Brussels, 6 June 2006
Anti-Contraband and Anti-Counterfeit Agreement between PMI and the European Community and Member States: twenty-four Member States are now Parties
Since July 2004 fourteen Member States have joined the Community and the initial ten Member States in their fight against cigarette smuggling and have signed the Anti-Contraband and Anti-Counterfeit Agreement with Philip Morris International, Inc, bringing the total number to twenty-four. This landmark agreement, which calls for substantially enhanced cooperation on many fronts in the fight against the shared problem of illegal trade in cigarettes, has proved to be highly effective in practice.
Vice-President Siim Kallas, responsible for the fight against fraud, declared: “This cooperation to date has exceeded all expectations and sets an example of what industry and law enforcement can do when they work together in pursuit of a common goal”.
The Agreement includes an efficient system to fight against future cigarette smuggling and counterfeiting, and permits Philip Morris International to work with the European Commission, its anti-fraud office OLAF, and national law enforcement authorities to help in the fight against contraband, including the rapidly growing problem of counterfeit cigarettes.
The Agreement builds on the efforts of all parties and introduces new and innovative procedures to combat the diversion of cigarettes into contraband channels in Europe and around the world. Specifically, the Agreement calls for the implementation and/or enhancement of several components of Philip Morris’ business practices, including strong measures to: ensure complete understanding of the identity of tobacco customers and of their business (“know your customer”); further protect legitimate trade from the dangers of money laundering (“fiscal compliance”); and ensure continued appropriate information collection and sharing (record-keeping components).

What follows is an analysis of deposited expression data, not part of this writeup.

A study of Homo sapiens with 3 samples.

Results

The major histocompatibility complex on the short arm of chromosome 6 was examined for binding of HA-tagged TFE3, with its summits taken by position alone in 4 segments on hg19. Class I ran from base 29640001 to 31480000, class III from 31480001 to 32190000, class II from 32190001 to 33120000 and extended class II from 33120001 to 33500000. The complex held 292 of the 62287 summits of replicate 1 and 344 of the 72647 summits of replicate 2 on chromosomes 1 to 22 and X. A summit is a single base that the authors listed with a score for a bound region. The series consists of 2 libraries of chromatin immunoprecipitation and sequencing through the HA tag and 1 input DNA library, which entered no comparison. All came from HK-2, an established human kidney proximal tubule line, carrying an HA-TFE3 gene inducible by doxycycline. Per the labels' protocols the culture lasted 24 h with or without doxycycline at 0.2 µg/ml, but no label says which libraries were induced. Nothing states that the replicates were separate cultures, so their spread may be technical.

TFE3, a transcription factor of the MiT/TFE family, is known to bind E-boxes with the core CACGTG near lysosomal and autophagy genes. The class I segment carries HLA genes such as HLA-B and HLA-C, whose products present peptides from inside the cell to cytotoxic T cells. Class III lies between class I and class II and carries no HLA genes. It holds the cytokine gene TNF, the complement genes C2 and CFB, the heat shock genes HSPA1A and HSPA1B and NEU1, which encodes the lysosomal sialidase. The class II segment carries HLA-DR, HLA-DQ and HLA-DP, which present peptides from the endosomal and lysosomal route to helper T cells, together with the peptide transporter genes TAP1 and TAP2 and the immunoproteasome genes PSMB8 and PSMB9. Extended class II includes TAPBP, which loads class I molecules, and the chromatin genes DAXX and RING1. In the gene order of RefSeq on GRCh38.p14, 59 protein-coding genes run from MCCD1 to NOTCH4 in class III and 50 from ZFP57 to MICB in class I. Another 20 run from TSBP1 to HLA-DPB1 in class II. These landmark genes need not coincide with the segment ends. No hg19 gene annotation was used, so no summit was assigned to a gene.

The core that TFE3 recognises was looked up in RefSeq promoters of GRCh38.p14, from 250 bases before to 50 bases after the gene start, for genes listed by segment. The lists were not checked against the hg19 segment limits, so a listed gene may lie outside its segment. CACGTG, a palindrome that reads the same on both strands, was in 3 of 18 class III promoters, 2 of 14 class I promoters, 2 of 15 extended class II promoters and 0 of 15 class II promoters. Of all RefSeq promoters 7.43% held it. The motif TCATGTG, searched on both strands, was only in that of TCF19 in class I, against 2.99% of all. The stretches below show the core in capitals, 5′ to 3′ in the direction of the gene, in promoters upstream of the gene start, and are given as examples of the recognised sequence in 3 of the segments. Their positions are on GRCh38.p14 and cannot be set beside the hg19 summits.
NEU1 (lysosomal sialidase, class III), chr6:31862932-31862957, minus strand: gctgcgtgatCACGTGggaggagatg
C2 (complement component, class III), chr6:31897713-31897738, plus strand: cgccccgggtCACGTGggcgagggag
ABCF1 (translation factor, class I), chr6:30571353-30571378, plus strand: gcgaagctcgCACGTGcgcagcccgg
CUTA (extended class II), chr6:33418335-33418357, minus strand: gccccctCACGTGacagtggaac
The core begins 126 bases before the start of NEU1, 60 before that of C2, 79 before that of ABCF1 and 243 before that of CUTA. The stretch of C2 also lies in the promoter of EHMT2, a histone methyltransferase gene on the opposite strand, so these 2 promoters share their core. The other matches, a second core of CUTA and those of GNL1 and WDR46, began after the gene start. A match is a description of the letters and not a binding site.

Other main components of the Agreement are the “Tracking and Tracing” protocols, which have allowed OLAF and the Member States rapidly to re-create the route taken by genuine smuggled cigarettes from the factory into the hands of the smugglers.
One area of particular benefit to OLAF and the Member States is the Notification of Seizures to Philip Morris. In 2005, OLAF and the Member States notified Philip Morris of almost 300 individual seizures totalling over 400 million cigarettes. While 85-90% of the cigarettes turned out to be counterfeit, the seizures have allowed for the identification of areas of concern in the continued fight against counterfeit and smuggled cigarettes.
The Agreement is proving in practice to be a highly effective means of combating cigarette smuggling. The Commission hopes that it should therefore serve as a model for other cigarette companies.
On July 9, 2004, the European Community and ten Member States (Belgium, Finland, France, Germany, Greece, Italy, Luxembourg, The Netherlands, Portugal and Spain) had entered into a landmark 12-year cooperation agreement with Philip Morris International (the “Agreement”) to fight the illegal trade in cigarettes. Since that date, fourteen additional Member States have signed the Agreement (Austria, Cyprus, Czech Republic, Denmark, Estonia, Hungary, Ireland, Latvia, Lithuania, Malta, Poland, Slovakia, Slovenia and Sweden).